The recent NATO summit in Madrid was decidedly for the hawks: with Sweden and Finland seemingly having reconciled with Turkey and wide-ranging packages of support announced for Ukraine. Scarcely in recent memory has the Alliance seemed so resolute.
The need to help Ukraine is self-evident. Russia’s campaign against Ukraine’s people deserves our full condemnation. But there are crucial areas — such as climate change and preservation of the Arctic — where our and global interests will be worse off if we don’t work with Russia.
As polar regions grow warmer, there are no winners from a failure of co-ordination on Arctic policy. Disappearing sea ice and warming temperatures are likely to lead to competition for resources, territorial disputes and increased maritime activity. The Arctic, which has warmed three times more quickly than the planet as a whole, has long been described as our world’s “canary in the coal mine”.
The defence implications are also significant: Russia has expanded its military presence in the High North in response to thawing sea routes, while NATO’s footprint in the region has also grown with Swedish and Finnish application for membership. On the far-north Norwegian island of Svalbard, tensions between Norway and Russia have spiralled into a diplomatic crisis.
It does not have to be this way. Functional Arctic coordination should not diminish the west’s ability to assist Ukraine. Arctic institutions have long been able to compartmentalise and, in the case of the Arctic Council, put security aside entirely in order to focus on pressing global environmental or community-centred issues.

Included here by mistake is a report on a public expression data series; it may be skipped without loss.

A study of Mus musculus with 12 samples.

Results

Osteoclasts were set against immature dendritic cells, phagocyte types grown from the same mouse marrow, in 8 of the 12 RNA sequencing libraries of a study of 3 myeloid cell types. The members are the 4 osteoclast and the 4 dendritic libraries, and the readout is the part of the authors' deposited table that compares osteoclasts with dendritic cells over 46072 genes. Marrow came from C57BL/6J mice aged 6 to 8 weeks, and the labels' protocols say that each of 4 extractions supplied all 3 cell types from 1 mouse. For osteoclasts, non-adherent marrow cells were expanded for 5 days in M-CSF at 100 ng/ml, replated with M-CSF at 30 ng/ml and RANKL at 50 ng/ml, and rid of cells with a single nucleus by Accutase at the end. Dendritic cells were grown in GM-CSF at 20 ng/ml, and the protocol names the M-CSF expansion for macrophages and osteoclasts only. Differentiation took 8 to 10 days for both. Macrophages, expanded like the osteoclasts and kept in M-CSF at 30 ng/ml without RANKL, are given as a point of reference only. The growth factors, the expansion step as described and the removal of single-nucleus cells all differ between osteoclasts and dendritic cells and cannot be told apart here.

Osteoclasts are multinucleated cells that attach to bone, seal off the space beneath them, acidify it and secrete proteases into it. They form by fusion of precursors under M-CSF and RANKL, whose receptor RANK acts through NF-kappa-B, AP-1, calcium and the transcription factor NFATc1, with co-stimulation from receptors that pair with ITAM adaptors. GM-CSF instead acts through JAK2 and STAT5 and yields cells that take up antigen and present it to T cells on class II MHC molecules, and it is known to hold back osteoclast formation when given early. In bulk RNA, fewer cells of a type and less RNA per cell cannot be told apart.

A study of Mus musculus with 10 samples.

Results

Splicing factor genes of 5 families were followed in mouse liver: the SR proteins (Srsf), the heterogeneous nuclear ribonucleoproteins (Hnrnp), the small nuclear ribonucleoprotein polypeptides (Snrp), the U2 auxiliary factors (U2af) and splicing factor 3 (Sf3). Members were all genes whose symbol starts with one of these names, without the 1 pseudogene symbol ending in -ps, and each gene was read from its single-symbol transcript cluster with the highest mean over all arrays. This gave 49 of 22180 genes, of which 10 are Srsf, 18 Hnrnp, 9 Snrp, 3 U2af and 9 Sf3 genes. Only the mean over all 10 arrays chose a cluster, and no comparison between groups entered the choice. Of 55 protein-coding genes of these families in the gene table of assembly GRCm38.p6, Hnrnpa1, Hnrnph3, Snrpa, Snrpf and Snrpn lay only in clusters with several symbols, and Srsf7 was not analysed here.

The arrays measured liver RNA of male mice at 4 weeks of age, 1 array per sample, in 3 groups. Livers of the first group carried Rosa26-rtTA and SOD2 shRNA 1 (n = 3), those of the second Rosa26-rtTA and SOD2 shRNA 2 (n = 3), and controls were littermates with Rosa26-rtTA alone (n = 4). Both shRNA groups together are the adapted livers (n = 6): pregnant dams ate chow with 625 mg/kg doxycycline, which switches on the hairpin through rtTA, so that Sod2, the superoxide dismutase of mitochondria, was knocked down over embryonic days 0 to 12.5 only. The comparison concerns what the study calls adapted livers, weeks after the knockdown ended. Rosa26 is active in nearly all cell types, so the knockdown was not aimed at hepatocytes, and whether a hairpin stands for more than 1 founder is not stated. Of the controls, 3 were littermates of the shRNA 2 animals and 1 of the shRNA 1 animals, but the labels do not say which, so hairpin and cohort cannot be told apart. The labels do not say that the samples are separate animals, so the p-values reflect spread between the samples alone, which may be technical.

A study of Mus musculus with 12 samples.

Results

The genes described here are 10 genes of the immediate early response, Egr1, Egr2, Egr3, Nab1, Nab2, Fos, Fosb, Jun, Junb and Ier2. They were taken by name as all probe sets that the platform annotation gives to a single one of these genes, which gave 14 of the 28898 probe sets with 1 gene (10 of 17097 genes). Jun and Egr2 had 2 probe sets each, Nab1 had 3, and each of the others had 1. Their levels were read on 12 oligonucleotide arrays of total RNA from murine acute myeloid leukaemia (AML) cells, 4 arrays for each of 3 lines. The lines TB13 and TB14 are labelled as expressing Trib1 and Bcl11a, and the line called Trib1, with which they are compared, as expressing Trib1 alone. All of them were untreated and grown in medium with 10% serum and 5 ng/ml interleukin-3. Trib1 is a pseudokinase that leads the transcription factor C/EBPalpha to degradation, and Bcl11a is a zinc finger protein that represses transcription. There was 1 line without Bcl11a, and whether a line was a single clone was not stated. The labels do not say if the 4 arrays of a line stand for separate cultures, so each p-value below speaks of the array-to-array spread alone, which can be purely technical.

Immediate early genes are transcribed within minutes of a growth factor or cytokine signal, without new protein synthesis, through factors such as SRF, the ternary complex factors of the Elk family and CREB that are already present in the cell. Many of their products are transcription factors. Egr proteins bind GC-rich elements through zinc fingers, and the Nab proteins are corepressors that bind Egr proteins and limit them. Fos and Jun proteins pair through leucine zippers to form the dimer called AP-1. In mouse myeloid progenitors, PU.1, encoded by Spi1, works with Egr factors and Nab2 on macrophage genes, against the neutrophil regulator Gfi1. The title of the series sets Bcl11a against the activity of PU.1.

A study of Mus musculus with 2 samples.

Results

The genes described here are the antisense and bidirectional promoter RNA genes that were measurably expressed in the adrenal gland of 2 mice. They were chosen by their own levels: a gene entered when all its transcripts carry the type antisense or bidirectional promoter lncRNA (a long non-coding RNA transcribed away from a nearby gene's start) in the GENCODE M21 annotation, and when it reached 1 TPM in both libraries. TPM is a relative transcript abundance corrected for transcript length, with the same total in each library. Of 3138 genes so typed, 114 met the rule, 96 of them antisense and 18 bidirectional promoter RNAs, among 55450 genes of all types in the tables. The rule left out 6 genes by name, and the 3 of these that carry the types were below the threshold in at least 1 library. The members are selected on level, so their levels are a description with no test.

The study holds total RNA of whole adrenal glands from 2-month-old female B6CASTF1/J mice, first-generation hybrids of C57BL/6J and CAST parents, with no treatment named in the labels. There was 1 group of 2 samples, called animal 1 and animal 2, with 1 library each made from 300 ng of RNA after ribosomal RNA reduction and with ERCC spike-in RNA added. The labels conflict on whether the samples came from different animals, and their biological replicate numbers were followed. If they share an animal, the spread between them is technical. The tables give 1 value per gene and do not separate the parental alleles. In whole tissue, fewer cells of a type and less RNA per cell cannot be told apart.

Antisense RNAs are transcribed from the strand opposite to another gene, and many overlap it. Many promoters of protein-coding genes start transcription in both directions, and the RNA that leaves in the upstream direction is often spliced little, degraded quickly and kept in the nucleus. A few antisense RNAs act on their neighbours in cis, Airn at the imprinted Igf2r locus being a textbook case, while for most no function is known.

Russia became the chair of the Arctic Council last year and enjoys agenda-setting powers; in March, Western states jointly announced an immediate suspension of their participation.
Since then, a multinational research expedition to study the ecology of salmon was nearly derailed, and researchers on algal blooms linked to rising temperatures in the Chukchi Sea were barred from continuing their work in Russian waters. To casual observers, none of this portends global doom. But even in 2014, the previous high-point for tensions, there was never this level of disruption.
Mutual distrust, sanctions and short-sighted priorities threaten to make genuine collaboration difficult to achieve. In fact, there are significant precedents at NATO level: during the whole Cold War the Alliance had a specific collaboration programme with Soviet scientists, called Science for Peace. The onus is on western governments to differentiate between areas of mutual interest and those which require a clear riposte to Moscow.
Should they fail, future generations will suffer the consequences.
*This article is a condensation of the previously published: Jason Pack, “The west must work with Russia to save the Arctic,” Financial Times, June 30, 2022.
Jason Pack is the Founder of the boutique consultancy Libya-Analysis LLC and the US-based non-profit Eye on ISIS. His most recent book, Libya and the Global Enduring Disorder (Oxford University Press) explores what Libya’s dysfunctional economic structures and its ongoing civil war reveal about broader patterns in 21st century geopolitics. In his role as Senior Analyst for Emerging Challenges with the Foundation, he will lead a special programme entitled “NATO and the Global Enduring Disorder,” which will produce a range of content (including a podcast and series of publications) sketching out a “unified field theory” of our current era of geopolitics while proposing actionable solutions to our most pressing collective action challenges.